All of this is just as her new album, “Lover,” debuts.
Swift, who is 29, told The Guardian for a new interview that went live on Saturday, “We’re a democracy — at least, we’re supposed to be — where you’re allowed to disagree, dissent, debate.”
She also described the political atmosphere during the 2016 election as “gaslighting the American public into being like, ‘If you hate the president, you hate America.’” She said she regretted not speaking out politically — and indicated that, had she been outspoken and active at the time, she would have endorsed Democratic Hillary Clinton for the White House.
In addition to that main point, here are the other notable positions she shared in The Guardian interview:
1.) “I really think that [President Donald Trump] thinks this is an autocracy.”
2.) She stands by her decision not to endorse anyone last time around. “I was just trying to protect my mental health — not read the news very much, go cast my vote, tell people to vote. I just knew what I could handle and I knew what I couldn’t. I was literally about to break.”
3.) Now she wants to “do everything I can for 2020.”
4.) Toward that end, she said she is definitely “pro-choice.” “I just can’t believe this is happening,” she added, referring to the new laws in certain states — Alabama, Georgia and Mississippi among them — that limit abortion after a certain amount of time has passed in a pregnancy in order to protect the life of the unborn.
“Obviously, I’m pro-choice. I just can’t believe this is happening.” She pledged to “do everything I can for 2020”. — Taylor Swift on the abortion ban in Tennessee [@guardian]
— Taylor Swift News (@TSwiftNZ) August 23, 2019
61 million people can’t purchase her music because their lives were ended in an abortion.
Guess that's not very "obvious" to @taylorswift13
Taylor Swift: “Obviously” I Support Abortion. “Can’t Believe” People Want to Protect Unborn Children https://t.co/Vcbgclk5Sw
— LifeNews (@LifeNewsToo) August 23, 2019
Aside from that new interview, she also mentioned earlier this year, in an essay for Elle, “Invoking racism and provoking fear through thinly veiled messaging is not what I want from our leaders, and I realized that it actually is my responsibility to use my influence against that disgusting rhetoric.”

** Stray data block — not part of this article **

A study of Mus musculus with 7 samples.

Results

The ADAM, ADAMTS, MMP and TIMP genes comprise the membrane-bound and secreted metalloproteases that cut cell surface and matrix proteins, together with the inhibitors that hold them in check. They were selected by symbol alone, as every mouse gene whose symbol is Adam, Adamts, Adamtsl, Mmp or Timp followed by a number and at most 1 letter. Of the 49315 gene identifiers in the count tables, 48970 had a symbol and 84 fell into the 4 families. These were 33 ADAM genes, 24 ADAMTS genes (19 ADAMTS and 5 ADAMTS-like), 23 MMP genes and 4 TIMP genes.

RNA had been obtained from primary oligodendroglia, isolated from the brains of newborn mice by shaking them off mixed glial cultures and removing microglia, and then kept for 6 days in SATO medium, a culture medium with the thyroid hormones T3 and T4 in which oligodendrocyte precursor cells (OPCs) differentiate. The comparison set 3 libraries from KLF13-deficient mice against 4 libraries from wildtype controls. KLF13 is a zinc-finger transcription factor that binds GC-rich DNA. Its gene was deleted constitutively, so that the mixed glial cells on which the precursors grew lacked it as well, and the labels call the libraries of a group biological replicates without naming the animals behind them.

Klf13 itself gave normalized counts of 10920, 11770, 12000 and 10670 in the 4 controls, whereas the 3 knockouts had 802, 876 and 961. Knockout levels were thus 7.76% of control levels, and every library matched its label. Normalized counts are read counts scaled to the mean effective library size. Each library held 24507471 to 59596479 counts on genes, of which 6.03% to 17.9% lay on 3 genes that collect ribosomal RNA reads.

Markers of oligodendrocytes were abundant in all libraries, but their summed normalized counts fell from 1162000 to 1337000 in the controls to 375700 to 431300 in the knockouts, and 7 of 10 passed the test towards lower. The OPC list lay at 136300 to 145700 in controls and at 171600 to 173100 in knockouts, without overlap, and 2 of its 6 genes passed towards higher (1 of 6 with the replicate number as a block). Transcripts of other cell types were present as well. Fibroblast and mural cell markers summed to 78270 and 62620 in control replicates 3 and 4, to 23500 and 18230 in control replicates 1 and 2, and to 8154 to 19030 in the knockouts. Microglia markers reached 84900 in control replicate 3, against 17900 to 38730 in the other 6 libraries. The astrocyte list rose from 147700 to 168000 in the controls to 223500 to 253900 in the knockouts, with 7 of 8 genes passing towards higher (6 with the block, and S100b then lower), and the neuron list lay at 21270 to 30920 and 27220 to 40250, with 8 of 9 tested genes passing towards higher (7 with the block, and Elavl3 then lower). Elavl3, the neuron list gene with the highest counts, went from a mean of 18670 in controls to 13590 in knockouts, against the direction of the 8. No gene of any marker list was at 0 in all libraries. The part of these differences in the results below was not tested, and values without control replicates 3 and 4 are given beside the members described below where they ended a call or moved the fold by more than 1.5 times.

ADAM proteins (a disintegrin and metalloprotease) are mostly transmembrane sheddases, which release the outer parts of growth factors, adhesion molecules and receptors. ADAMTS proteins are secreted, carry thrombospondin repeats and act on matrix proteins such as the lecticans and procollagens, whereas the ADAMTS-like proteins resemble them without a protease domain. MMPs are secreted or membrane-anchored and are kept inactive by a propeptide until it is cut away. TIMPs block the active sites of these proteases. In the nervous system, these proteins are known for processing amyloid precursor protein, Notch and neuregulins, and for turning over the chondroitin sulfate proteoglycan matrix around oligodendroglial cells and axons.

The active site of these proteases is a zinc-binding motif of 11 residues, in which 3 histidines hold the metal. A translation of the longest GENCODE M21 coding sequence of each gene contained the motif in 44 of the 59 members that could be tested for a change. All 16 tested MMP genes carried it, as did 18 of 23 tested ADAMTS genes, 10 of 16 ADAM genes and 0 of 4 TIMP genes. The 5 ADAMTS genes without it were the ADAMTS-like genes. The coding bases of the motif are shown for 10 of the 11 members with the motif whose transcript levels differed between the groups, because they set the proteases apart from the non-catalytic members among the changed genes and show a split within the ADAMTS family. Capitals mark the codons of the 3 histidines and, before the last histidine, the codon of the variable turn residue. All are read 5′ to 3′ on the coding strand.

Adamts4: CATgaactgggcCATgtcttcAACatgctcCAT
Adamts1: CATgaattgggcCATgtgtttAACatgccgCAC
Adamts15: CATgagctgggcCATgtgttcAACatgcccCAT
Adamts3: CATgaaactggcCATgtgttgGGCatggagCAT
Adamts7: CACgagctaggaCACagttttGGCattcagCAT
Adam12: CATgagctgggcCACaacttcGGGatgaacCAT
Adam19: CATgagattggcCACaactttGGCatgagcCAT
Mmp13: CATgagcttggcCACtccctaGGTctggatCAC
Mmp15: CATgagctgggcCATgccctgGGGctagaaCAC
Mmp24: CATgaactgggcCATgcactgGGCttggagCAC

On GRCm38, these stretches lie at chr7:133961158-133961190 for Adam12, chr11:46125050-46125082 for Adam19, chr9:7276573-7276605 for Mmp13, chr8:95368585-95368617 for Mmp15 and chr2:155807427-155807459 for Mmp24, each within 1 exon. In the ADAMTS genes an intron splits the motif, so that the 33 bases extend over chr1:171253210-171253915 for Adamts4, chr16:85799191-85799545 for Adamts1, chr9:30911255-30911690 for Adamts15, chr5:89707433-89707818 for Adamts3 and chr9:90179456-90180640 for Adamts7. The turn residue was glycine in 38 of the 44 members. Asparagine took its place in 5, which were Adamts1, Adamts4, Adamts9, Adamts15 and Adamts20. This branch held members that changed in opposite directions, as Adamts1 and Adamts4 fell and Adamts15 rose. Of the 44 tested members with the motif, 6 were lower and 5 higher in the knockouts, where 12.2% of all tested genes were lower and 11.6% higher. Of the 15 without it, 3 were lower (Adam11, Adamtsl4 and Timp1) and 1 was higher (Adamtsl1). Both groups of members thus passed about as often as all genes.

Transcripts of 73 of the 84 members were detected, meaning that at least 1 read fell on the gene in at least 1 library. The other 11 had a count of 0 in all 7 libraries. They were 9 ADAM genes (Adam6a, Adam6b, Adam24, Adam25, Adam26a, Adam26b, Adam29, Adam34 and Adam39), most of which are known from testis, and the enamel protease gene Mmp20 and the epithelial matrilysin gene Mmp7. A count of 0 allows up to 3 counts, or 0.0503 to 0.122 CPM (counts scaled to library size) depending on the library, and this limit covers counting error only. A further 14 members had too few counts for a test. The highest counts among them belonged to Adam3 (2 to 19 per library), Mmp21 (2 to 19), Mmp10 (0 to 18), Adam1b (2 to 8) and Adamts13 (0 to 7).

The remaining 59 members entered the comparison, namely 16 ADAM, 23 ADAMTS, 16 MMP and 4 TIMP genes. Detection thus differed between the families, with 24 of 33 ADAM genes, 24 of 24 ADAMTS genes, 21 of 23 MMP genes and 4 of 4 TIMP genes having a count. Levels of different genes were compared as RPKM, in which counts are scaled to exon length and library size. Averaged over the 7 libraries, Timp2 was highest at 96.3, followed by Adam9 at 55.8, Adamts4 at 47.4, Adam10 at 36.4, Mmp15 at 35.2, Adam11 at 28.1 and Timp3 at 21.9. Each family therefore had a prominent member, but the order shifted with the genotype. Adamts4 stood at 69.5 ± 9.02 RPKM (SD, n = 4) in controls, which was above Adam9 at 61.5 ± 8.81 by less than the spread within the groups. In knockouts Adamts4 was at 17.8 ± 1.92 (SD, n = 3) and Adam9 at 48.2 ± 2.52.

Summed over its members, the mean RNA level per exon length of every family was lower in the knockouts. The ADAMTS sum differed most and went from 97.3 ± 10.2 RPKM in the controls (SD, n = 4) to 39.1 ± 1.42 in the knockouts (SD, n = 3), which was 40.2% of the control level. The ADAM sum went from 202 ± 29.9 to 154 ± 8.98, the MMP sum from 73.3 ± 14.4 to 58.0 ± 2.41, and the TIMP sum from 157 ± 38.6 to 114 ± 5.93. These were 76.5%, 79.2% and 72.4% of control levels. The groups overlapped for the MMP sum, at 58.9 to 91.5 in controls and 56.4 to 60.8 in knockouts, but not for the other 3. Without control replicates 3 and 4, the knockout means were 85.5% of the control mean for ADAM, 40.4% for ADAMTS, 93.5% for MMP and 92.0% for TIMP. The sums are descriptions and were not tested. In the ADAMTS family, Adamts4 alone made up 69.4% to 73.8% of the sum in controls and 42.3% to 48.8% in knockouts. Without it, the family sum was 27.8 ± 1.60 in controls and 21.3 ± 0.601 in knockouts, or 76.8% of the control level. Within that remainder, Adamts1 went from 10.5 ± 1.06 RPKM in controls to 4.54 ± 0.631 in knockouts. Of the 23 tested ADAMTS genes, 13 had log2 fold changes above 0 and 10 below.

She added in that March 2019 essay, “I’m going to do more to help. We have a big race coming up next year.”
She also said this: “Social media can be great, but it can also inundate your brain with images of what you aren’t, how you’re failing, or who is in a cooler locale than you at any given moment. One thing I do to lessen this weird insecurity laser beam is to turn off comments. Yes, I keep comments off on my posts.”
Her interview with The Guardian was her first U.K. interview in more than three years.
The publication described her as seeming nervous as she spoke to their reporter: “neither presidential nor goofy (her usual defaults), but quick with a tongue-out ‘ugh’ of regret or frustration as she pick[ed] at her glittery purple nails.”
It also noted that her recent single, “You Need To Calm Down,” “admonished homophobes and namechecked U.S. LGBTQ rights organization Glaad (which then saw increased donations). Swift filled her video with cameos from queer stars such as Ellen DeGeneres and Queen singer Adam Lambert, and capped it with a call to sign her petition in support of the Equality Act, which if passed would prohibit gender- and sexuality-based discrimination in the U.S.”